There is no single way to run a campaign for professional pay. NEA offers the following advice based on our affiliates’ successes.
Debbie Reyes of TSTA Kimberly Davis
Debbie Reyes, NEA member, led a successful campaign for 5 percent pay increases for local ESPs.
Published: June 8, 2020

Build broad unity
Build unity within the affiliate for a salary campaign to ensure that members, UniServ staff, and elected leaders support it. Make certain that everyone has input and will help put a plan into effect. Build unity among NEA members in various job categories — teachers, Special Instructional Support Personnel (SISP), Education Support Professionals (ESP) — while connecting K-12 and higher education members in the same region.

Devise a long-term campaign plan
Start with a member-driven SWOT (Strengths, Weaknesses, Opportunities, Threats) analysis of the Association. Inventory your members’ assets by surveying educators’ community leadership roles, special credentials and training, professional awards, and personal successes to demonstrate that NEA members are “good neighbors” and community leaders. 

Gather solid, reliable data
Focus on economic and “Bargaining for the Common Good” topics like school funding, cost of living, housing costs, the regional living wage, pay in comparable professions, and education pay in neighboring states. Consider all potential allies and formulate a list. Assess what you know about “the opposition.”

Develop relationships with community allies
Educate the community about the relationship between school funding and teacher pay by having members speak about how recruiting and retaining the best teachers helps students and the community. Work with natural allies like other unions, higher education students, parent groups (such as the PTA and those representing subsets of students like students with special needs, gifted and talented, and English Language Learners). In many cases, school administrators and school board members may be similarly frustrated with low state funding and teacher shortages. 

Increase membership and member involvement
Administrators and state officials will gauge the Association’s strength by its members’ support. Contact your state affiliate or the national NEA for leadership and organizing training, if necessary. The NEA Department of Collective Bargaining and Member Advocacy ([email protected]) can provide bargaining and advocacy support as well as salary resources.

Research strong arguments for professional pay
Focus on the need to recruit and train quality educators, the high costs of educator turnover and retraining, and the scandal of public educators having to work multiple jobs. Highlight how educator shortages, which are often exacerbated by staff seeking jobs in bordering states with higher pay, adversely affect students and their learning conditions. 

Examples of the adverse effect on students include larger class sizes, fewer classes offered, cuts to music and arts classes, lack of student support, longer bus rides, and the use of long-term substitutes who lack the necessary expertise in the subjects they are teaching.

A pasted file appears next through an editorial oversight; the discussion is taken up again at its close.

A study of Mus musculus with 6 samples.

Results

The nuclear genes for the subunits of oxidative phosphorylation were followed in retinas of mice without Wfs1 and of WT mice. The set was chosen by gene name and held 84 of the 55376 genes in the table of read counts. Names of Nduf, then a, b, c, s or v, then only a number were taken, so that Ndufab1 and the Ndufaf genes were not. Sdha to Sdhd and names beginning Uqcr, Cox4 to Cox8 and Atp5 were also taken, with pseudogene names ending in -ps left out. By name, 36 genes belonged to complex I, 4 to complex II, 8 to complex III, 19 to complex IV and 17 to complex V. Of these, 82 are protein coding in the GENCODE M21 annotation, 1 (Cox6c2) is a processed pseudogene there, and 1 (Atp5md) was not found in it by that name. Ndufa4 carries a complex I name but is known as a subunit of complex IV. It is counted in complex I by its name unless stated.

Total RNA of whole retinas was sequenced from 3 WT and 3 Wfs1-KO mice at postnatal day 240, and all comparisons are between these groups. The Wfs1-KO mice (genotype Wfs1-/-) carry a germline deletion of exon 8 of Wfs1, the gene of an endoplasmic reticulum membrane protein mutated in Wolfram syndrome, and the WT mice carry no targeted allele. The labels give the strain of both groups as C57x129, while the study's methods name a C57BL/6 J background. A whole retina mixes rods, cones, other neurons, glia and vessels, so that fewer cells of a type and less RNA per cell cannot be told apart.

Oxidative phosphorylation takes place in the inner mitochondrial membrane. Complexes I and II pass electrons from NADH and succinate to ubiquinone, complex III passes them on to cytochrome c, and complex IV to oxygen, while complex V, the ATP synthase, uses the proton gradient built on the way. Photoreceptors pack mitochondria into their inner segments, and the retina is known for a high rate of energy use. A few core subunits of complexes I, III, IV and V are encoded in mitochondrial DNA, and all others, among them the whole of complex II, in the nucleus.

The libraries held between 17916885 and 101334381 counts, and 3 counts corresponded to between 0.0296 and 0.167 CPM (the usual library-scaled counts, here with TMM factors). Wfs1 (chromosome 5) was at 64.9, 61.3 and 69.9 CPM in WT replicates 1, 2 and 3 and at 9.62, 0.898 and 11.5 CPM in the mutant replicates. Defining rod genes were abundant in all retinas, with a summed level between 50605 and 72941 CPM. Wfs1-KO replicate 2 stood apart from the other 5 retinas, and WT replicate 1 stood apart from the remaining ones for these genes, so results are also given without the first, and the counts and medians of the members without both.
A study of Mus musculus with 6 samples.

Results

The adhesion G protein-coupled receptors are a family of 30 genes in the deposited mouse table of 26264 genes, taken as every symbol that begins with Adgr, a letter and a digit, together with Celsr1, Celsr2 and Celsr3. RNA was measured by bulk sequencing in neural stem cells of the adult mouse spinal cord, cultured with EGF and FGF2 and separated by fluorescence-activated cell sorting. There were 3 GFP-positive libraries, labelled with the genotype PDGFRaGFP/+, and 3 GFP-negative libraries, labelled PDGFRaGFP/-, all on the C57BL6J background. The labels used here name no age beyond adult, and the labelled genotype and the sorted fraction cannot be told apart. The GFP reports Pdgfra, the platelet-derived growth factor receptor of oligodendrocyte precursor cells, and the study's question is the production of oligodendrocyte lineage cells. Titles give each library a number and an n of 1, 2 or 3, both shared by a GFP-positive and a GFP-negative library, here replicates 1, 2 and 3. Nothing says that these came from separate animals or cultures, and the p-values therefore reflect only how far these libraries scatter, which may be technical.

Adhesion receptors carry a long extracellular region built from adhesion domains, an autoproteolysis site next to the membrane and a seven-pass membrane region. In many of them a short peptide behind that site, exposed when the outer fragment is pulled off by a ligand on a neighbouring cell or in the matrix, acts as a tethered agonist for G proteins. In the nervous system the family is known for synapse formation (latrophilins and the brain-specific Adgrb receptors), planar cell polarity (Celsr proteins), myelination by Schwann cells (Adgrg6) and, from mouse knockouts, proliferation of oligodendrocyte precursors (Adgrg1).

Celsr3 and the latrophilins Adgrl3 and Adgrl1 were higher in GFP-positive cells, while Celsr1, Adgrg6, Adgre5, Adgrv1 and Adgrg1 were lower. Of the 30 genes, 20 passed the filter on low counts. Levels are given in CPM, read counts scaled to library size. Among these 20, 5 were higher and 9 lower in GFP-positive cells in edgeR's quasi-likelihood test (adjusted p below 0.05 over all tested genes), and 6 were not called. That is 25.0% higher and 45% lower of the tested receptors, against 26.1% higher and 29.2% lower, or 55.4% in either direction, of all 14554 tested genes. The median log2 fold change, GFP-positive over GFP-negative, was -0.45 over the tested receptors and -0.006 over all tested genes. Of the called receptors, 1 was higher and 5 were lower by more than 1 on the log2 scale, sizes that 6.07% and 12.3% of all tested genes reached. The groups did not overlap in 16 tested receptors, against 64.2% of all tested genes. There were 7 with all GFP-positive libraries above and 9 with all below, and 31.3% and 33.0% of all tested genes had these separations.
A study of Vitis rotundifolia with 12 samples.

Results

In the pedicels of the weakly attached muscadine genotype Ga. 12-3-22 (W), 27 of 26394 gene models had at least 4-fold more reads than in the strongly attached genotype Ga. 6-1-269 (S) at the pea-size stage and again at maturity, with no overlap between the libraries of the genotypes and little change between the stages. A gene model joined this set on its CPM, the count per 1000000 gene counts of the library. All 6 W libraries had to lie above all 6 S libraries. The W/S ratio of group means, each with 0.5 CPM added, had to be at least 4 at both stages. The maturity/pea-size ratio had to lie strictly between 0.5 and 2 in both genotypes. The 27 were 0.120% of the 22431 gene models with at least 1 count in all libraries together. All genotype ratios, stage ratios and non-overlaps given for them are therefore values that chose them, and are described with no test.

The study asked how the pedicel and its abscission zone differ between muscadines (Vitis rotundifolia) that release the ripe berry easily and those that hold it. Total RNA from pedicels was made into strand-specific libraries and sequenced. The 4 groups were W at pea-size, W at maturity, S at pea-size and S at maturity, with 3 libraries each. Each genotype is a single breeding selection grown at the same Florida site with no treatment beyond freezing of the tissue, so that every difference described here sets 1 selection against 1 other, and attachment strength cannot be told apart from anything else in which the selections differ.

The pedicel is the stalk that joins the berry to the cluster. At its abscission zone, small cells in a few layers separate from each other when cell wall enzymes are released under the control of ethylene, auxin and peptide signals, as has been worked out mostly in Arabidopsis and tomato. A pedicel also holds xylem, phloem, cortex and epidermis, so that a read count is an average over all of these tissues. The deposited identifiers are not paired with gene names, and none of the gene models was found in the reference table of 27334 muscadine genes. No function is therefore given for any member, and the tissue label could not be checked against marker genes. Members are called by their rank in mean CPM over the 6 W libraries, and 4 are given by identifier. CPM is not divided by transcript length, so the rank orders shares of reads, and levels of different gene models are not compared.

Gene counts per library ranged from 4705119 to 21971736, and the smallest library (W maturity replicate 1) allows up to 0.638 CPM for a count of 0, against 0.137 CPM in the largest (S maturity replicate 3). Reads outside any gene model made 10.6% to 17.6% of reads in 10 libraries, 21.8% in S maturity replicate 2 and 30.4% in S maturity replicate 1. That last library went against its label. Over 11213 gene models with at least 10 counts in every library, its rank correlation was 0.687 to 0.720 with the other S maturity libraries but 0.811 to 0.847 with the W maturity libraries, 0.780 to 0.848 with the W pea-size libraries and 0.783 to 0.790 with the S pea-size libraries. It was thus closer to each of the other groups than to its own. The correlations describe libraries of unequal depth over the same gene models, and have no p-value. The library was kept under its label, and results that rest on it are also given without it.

Create ambitious salary goals
Base those goals on a “we’re worth it” mentality. Educators’ work has become more challenging, yet teachers are paid less than comparable professionals. According to the Economic Policy Institute, on a national basis teachers are paid 21% less than similarly educated professionals. EPI’s research also shows the compensation gap by state. 

Improve salary schedules, preserve professional pay
Develop proposals to improve salary schedules (“shortening” them so educators can reach the highest salary in the shortest period of time) to maximize career earnings. Consider devising a new salary system based on professional growth. Preserve professional pay through smart bargaining, improving salary schedules, and building relationships with folks who initially opposed you.

Develop a multi-faceted communications plan
The plan should include public relations, and social and digital media. Be able to communicate how cuts in state funding for education are hurting students and the community. Provide members with message training and coach them on public speaking and dealing with the media. Highlight members who are most comfortable talking articulately and passionately about salary issues. Communicate constantly with members and the public during a long salary campaign. Have community partners speak to why professional pay for teachers is important. 

Show and Tell
Develop effective, accurate local stories and visuals that grab attention, such as duct-taped 25-year-old textbooks, buildings with mold or water damage, broken furniture, and large classes. Document how teachers spend their own money on class supplies and ESPs work multiple jobs to barely make ends meet.

Follow the money
Monitor legislation and budgets at the state and local level that affect school funding. Learn the intricacies of your local municipal and state budgets, and how they impact your school district’s finances. Track any school board efforts to divert spending away from expenditures that help students and educators directly. Assess if any members are interested in running for openings on the school board.